Final chapter opening in heir's bid to scuttle $19 billion HP-Compaq deal


Tuesday, April 23rd 2002, 12:00 am
By: News On 6


WILMINGTON, Del. (AP) _ More than seven months after Hewlett-Packard Co. announced plans to buy Compaq Computer Corp., a judge will decide what could be dissident HP director Walter Hewlett's final bid to scuttle the $19 billion deal.

Hewlett first fought the deal on the grounds that buying Compaq was too risky and would bog HP down in the weak personal-computer market at the expense of its profitable printing division.

Now, in a lawsuit against the company, Hewlett contends HP won its apparent slim majority in the March 19 shareholder vote by threatening to take business away from at least one big investor, Deutsche Bank, and by hiding unflattering information about HP and Compaq's ability to carry out the merger as well as hoped.

Opening arguments were scheduled Tuesday in Delaware Chancery Court in Wilmington, which has jurisdiction over the governance of companies such as HP that are incorporated in the state. The trial, being heard by one of the court's expert business judges and not by a jury, is expected to last three days.

HP executives are expected to testify, but it is unclear whether CEO and chairwoman Carly Fiorina will be among them.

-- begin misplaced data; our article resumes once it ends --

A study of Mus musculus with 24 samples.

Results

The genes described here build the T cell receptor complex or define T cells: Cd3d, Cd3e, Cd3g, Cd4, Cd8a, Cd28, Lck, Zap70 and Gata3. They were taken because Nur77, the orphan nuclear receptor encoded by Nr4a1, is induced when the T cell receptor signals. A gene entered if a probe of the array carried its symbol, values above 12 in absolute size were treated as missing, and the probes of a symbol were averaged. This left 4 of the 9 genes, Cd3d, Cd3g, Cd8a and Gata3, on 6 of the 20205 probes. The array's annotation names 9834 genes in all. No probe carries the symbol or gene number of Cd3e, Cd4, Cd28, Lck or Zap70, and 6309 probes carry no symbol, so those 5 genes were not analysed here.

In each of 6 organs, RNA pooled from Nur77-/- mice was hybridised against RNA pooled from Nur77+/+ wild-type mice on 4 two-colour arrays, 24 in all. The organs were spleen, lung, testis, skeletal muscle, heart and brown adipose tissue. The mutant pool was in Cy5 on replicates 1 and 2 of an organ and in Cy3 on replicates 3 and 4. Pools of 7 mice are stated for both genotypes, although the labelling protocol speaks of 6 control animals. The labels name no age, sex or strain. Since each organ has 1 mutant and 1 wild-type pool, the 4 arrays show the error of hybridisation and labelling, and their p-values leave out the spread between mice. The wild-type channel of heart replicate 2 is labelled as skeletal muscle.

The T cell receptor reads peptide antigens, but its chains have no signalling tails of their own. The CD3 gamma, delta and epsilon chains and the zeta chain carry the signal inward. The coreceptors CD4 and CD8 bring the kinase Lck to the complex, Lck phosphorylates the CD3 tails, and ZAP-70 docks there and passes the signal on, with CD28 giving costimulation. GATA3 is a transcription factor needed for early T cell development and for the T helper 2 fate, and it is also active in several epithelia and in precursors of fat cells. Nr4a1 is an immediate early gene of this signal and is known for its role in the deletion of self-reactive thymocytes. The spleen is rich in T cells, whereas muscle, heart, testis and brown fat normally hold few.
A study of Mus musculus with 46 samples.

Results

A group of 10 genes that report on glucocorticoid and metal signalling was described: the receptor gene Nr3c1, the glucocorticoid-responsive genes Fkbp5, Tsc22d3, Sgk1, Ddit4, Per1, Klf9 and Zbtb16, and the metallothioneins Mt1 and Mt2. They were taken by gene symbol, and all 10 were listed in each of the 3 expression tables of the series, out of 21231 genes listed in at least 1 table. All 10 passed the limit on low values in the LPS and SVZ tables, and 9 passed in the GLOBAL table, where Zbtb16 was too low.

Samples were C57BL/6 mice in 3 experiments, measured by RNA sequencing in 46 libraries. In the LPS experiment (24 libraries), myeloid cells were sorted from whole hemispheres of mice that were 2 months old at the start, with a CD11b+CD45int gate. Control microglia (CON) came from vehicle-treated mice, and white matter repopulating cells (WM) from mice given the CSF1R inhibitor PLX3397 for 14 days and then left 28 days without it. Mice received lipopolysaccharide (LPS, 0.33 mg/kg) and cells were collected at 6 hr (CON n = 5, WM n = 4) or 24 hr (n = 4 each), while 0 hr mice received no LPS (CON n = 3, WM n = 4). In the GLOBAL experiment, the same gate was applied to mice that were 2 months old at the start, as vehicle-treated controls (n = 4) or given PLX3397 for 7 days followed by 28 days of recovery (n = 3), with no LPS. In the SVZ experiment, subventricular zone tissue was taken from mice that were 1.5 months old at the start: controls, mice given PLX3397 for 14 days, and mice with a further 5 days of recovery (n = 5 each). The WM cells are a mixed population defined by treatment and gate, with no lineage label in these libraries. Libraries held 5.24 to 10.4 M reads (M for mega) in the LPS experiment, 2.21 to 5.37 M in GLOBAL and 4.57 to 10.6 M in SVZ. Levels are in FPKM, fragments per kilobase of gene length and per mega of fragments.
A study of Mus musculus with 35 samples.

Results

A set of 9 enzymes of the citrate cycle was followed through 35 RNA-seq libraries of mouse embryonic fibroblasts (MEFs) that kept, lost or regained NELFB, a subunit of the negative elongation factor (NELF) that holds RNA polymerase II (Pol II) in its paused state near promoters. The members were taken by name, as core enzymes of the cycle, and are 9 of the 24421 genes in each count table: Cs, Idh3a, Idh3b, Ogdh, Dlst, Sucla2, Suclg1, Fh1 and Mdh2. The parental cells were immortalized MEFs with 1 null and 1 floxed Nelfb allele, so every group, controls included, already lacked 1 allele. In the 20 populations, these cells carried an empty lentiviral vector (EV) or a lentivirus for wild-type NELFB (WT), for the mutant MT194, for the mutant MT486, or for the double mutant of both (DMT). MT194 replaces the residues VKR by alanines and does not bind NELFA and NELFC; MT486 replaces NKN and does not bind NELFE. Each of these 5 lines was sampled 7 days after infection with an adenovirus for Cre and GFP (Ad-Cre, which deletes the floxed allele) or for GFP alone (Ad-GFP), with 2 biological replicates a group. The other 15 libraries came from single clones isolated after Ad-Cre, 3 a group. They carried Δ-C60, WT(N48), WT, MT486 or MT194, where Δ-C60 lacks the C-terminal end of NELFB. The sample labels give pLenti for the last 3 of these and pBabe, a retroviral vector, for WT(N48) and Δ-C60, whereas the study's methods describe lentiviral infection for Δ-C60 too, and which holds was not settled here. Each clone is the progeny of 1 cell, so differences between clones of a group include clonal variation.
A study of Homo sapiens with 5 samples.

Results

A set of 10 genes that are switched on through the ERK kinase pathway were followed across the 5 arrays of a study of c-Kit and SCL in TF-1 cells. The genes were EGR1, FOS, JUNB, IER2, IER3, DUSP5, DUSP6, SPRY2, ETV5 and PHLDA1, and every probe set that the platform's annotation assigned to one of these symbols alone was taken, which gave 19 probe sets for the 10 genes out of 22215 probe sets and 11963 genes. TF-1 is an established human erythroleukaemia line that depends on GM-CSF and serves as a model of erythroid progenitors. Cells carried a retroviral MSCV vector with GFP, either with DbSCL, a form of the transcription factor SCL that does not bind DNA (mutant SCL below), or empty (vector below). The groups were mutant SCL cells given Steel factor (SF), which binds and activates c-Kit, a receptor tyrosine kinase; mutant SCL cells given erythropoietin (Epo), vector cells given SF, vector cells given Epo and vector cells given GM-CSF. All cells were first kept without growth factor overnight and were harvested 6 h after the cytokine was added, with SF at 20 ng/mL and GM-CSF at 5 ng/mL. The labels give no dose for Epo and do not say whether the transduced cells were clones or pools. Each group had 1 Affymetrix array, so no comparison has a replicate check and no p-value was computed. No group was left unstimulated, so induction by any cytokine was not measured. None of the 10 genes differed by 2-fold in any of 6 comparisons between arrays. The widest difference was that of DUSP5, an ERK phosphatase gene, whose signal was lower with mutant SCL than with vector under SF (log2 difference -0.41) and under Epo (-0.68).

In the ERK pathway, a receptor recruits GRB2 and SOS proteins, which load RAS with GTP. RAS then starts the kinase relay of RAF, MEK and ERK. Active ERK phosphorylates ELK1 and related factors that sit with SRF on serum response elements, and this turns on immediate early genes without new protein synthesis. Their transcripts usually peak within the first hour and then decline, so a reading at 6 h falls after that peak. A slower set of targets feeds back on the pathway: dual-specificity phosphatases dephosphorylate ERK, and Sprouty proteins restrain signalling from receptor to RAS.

``We welcome the opportunity to present our case in front of the chancellor and have the facts come to light,'' HP said in a statement Monday. ``We believe when the evidence is heard, it will be clear that HP acted properly in all cases.''

A Hewlett spokesman did not return a call seeking comment.

Official certification of HP's apparent approval of the deal is expected within days.

A preliminary tally released last week by an independent proxy certifying firm found that 51.4 percent of HP shares were voted for the Compaq deal, and 48.6 percent came out against. With more than 1.6 billion shares voted, HP beat Hewlett by 45 million shares.

Hewlett hopes Chancellor William Chandler III negates the vote either by voiding certain investors' shares or by determining that HP bought votes and corrupted the process.

Hewlett believes Deutsche Asset Management originally voted 25 million HP shares against the deal but switched 17 million just before the shareholder meeting, which came days after Deutsche Bank helped arrange a $4 billion credit facility for HP.

Hewlett-Packard has denied wrongdoing, and Deutsche Asset Management has said it merely voted the shares it controlled in the best interests of its investment clients.